Fixing healthcare

Amid a flurry of recent announcements, it’s clear that efforts to help a healthcare industry in crisis are kicking into high gear.

Driving the news: Since the start of the year, there’s been movement at both the federal and provincial levels towards addressing strains across the country’s healthcare systems, from expediting the approval of foreign-trained doctors to increasing funding for provinces. 

  • As the provinces run with their own healthcare strategies, they’re also in the midst of negotiations with the federal government to increase payments from the top down. 

As provinces battle record-high wait times for healthcare services and treatment stemming from persistent labour shortages (amplified by burnout from the increasing demands of the job), the provinces have taken varying approaches, some more contested than others:  

  • Ontario plans to send more publicly-funded, simple surgeries (like hip replacements) to private hospitals and begin fast-tracking certifications for healthcare professionals from the rest of Canada to work in Ontario, with the aim of reducing wait times.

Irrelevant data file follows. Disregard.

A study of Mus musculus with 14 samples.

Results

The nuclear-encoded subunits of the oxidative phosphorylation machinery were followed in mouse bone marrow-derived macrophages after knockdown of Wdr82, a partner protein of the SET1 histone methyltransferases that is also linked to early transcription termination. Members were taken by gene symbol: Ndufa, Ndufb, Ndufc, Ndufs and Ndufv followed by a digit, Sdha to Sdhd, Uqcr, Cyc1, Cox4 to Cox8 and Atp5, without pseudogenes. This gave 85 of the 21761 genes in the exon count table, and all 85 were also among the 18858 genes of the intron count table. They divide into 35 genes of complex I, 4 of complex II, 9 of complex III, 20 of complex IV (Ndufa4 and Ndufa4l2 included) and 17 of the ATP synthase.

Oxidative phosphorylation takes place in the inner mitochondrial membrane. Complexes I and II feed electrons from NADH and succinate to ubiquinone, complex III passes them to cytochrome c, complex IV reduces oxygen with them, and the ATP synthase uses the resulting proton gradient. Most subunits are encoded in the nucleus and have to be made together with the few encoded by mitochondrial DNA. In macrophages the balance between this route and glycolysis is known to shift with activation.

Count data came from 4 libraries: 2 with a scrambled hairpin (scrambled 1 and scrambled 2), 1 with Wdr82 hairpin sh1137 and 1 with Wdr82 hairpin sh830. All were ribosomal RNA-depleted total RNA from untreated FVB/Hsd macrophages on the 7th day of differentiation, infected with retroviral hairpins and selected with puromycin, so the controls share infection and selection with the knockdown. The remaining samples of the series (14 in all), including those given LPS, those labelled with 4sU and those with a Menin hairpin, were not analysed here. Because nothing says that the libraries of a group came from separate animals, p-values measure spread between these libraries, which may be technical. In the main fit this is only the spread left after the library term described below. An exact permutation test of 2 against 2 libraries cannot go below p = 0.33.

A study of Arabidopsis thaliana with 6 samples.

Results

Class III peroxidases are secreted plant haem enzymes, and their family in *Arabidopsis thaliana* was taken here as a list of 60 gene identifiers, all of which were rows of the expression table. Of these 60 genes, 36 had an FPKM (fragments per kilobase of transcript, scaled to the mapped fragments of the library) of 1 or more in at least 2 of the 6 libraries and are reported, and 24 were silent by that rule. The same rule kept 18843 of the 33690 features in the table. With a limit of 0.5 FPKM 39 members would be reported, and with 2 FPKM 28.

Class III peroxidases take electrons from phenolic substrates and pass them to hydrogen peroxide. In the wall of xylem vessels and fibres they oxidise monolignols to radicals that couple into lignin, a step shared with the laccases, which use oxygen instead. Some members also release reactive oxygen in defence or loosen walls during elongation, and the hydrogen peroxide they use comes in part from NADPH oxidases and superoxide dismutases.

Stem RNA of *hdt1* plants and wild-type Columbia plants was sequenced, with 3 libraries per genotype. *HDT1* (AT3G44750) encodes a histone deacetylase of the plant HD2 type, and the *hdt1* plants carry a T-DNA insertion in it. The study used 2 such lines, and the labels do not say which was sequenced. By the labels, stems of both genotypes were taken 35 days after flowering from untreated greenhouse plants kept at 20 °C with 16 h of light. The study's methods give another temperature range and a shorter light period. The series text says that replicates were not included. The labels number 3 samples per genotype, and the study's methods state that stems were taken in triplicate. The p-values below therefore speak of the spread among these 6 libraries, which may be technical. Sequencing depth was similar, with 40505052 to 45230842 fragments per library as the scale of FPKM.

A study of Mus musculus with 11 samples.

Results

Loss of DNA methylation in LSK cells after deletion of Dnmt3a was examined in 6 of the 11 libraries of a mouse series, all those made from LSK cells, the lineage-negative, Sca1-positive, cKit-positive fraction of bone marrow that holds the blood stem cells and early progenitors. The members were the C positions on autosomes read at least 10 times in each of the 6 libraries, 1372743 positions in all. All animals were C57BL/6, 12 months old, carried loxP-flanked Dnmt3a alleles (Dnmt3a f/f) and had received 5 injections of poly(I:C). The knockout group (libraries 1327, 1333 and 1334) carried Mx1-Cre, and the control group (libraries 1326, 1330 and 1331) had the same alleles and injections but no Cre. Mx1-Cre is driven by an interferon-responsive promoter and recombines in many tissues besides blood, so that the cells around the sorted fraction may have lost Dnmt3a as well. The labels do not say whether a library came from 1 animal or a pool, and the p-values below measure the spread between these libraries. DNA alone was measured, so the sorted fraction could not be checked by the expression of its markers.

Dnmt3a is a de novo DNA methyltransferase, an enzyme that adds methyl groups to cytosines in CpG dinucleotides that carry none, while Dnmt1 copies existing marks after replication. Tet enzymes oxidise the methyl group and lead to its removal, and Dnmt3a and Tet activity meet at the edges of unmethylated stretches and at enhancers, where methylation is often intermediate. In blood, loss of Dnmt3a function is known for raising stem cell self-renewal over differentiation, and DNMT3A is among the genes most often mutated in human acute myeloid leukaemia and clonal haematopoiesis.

• Québec, Alberta, and BC already use private clinics to shorten waiting times, but the BC government recently said it’s shifting focus to addressing wait times in the public system, in part, citing the difficulties around monitoring illegal billing or upselling.

  • Alberta’s new premier, Danielle Smith, said she’s not waiting for federal money to move forward with the province’s healthcare reform. Most provinces have maintained their calls for increased federal healthcare funding without any conditions. 

Why it matters: Canada's population growth is hitting new heights  thanks, in part, to record immigration. The country is also getting older. Current strains on the country's public healthcare systems are at risk of worsening if not addressed.